Narrative:Flight 46 departed Boston with a 65-minute delay due to adverse weather encountered on an earlier flight leg that day. Around 20:30 the crew requested weather information for Rockland and 3 alternate airports. Weather at Rockland was indefinite ceiling, 300 feet, sky obscured, visibility 3/4 mile in fog; wind light and variable - conditions deteriorating. Navy Brunswick Approach Control then cleared the flight to descend to 3000 feet at captain's discretion. At 20:42 the flight was cleared to cruise at 3000 feet for a Richmond runway 03 approach. Last radio transmission was when the crew reported inbound from the Sprucehead NDB. The Twin Otter struck trees 80 feet above the ground with its left wing and continued striking trees before coming to rest 1,2 miles SSW of the runway 03 threshold, 340 feet from initial impact. The aircraft fuselage came to rest on its left side with the forward 16 feet-section of the fuselage crushed.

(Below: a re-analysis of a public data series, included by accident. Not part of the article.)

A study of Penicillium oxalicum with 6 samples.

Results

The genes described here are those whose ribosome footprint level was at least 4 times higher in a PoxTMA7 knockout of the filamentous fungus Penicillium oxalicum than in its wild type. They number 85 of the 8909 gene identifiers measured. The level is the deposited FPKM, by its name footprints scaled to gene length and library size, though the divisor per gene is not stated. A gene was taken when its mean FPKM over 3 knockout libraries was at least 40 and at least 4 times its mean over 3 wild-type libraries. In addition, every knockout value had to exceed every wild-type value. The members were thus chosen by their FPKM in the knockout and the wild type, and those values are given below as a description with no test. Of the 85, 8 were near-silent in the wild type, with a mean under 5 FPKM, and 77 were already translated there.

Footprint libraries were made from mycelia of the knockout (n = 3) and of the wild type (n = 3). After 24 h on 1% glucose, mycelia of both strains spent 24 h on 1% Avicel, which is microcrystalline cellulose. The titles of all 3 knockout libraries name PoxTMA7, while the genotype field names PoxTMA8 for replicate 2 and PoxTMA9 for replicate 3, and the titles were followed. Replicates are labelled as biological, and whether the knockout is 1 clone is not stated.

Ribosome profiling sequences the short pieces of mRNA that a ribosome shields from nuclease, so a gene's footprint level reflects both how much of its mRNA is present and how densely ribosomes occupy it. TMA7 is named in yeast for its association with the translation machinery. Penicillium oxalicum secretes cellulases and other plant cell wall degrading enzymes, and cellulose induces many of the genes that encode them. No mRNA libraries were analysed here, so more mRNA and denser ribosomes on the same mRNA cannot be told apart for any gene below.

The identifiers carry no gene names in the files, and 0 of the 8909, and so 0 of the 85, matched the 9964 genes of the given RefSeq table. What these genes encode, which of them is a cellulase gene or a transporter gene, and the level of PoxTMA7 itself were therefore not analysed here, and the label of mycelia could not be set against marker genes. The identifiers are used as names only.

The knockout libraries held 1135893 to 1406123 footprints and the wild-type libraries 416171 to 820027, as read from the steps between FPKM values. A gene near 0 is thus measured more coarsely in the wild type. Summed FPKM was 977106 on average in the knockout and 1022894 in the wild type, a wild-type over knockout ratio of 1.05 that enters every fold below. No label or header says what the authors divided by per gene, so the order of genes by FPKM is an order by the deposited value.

Probable Cause:PROBABLE CAUSE: "The failure of the flight crew to arrest the aircraft's descent at the minimum descent altitude for the non-precision approach, without the runway environment in sight, for unknown reasons.
Although the Safety Board was unable to determine conclusively the reason(s) for the flight crew's deviation from standard instrument procedures, it is believed that inordinate management pressures, the first officer's marginal instrument proficiency, the captain's inadequate supervision of the flight, inadequate crew training and procedures, and the captain's chronic fatigue were all factors in the accident."
» ICAO Circular 173-AN/109 (1-30)
» NTSB Safety Recommendations A-80-42/43
Official accident investigation report
This map shows the airport of departure and the intended destination of the flight. The line between the airports does not
display the exact flight path.
Distance from Boston-Logan International Airport, MA to Rockland-Knox County Regional Airport, ME as the crow flies is 242 km (151 miles).